Gartner security analysts are being bombarded with questions about CYBER security. Is this cyber reality, or cyber hype?
A few years ago, we had seriously entertained the idea of creating a sort of ‘IT Buzz Term Hype Cycle’, that would map overused prefixes across trigger, hype, disillusionment, and productivity. At the time, ‘I-‘ had reached the peak of hyperfication. Its not hard to envision a future in which the prefix ‘cyber’ goes the way of the dodo, trapped forever in a linguistic graveyard with the suffix ‘dot com’.
In Gartner, we actually do have a concept of cybersecurity, incorporating operational technology into a broader concept of digital domain protection. It is also fair to say that many uses of the term cybersecurity connote, if not denote, the concept of offensive digital warfare. I want to go on the record right now and say that we specifically do NOT recommend that commercial and non-profit users of digital technology develop hackback capabilities.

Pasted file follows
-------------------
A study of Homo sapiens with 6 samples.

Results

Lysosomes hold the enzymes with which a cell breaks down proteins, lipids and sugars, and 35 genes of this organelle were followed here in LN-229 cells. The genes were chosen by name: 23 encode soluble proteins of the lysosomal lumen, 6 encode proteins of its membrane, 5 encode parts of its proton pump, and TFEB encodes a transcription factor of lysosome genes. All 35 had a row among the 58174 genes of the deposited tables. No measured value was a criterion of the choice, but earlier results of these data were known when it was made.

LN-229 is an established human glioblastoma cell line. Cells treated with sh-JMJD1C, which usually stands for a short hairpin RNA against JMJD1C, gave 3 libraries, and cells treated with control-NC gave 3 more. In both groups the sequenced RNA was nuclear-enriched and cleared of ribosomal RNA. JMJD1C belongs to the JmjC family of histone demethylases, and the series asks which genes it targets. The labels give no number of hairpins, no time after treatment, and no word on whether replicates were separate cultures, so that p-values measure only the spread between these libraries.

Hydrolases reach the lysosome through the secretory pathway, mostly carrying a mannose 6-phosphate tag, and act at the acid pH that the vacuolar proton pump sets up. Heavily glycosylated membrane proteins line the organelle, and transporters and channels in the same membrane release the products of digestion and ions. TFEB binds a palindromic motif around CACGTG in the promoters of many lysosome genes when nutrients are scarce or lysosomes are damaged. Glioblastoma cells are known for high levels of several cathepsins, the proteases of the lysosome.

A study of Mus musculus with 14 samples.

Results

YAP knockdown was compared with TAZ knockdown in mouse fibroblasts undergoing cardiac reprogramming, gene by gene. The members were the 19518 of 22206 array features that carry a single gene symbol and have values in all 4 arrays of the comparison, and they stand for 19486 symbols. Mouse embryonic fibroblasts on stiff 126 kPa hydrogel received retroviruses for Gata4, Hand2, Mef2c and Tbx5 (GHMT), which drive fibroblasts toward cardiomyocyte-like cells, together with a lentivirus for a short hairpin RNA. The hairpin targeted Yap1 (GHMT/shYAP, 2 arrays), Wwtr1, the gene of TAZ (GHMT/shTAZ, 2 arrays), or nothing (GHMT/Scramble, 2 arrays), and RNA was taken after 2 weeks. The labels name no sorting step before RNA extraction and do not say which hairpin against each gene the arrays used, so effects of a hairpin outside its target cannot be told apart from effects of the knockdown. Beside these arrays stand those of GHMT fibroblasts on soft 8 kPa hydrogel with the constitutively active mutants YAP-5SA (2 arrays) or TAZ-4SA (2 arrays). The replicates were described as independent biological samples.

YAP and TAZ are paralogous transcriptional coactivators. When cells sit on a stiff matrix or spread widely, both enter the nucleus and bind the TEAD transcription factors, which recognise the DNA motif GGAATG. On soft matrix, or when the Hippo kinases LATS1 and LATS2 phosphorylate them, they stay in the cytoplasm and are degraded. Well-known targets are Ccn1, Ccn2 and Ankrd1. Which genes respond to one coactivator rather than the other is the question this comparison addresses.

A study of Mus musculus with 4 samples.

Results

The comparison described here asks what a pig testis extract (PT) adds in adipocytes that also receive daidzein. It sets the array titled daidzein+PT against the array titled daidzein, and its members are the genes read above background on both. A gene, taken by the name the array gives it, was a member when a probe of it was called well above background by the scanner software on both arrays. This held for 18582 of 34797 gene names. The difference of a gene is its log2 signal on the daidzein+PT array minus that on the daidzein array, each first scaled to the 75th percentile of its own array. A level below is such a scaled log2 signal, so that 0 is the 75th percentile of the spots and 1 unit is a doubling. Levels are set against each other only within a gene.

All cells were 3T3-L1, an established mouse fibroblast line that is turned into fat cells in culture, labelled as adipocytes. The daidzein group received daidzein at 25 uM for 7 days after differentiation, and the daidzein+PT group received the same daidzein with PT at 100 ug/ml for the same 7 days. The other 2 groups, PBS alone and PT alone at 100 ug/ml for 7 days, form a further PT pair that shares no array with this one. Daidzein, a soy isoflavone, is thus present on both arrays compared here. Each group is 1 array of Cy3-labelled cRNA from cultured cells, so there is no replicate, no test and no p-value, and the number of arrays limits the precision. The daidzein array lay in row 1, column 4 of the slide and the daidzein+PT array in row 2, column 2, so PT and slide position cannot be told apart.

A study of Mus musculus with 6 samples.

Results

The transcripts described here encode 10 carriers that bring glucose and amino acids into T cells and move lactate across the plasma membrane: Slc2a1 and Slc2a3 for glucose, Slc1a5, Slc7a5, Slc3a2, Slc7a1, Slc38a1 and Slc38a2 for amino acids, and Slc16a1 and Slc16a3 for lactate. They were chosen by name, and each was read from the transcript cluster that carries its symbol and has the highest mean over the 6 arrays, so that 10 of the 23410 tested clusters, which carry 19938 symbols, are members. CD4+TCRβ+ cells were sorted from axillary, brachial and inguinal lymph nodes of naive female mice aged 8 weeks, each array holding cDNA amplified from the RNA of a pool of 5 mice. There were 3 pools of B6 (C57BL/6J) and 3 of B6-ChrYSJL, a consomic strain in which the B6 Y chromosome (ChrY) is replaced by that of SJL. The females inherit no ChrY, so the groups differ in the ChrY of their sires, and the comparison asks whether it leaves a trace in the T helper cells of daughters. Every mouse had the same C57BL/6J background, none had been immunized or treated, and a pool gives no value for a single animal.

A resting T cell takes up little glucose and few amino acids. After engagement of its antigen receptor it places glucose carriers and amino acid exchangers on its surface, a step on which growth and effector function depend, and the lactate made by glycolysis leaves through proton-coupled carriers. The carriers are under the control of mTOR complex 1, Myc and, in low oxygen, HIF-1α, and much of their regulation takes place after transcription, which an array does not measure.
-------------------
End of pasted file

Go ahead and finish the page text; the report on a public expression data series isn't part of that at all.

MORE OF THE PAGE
We live in a constant state of verbal inflation. I started my career in computer security, lived through long painful discussions on whether or not information security was a valid term, and have watched, without actually encouraging, adjectival divergence into information assurance, cybersecurity, and cyberassurance.
All of these terms originally arrived with the best of intentions, bringing new concepts and connotations to a complex and changing cyber world. They inevitably turn into positioning playthings, as commercial entities and government agencies use the latest buzzterms to position themselves as being leaders—in something. Its anybody’s guess whether these various terms will evolve into sharply defined meanings not just for small specialty domains, but for the IT world in general.
For the time being, if you want to ask us about cybersecurity, we are going to ask you to provide more details. Are you military? Are you considered critical infrastructure and are you responsible for OT? What is it that you want to protect from whom?
Fresh terminology doesn’t necessarily mean that the old concepts were stale.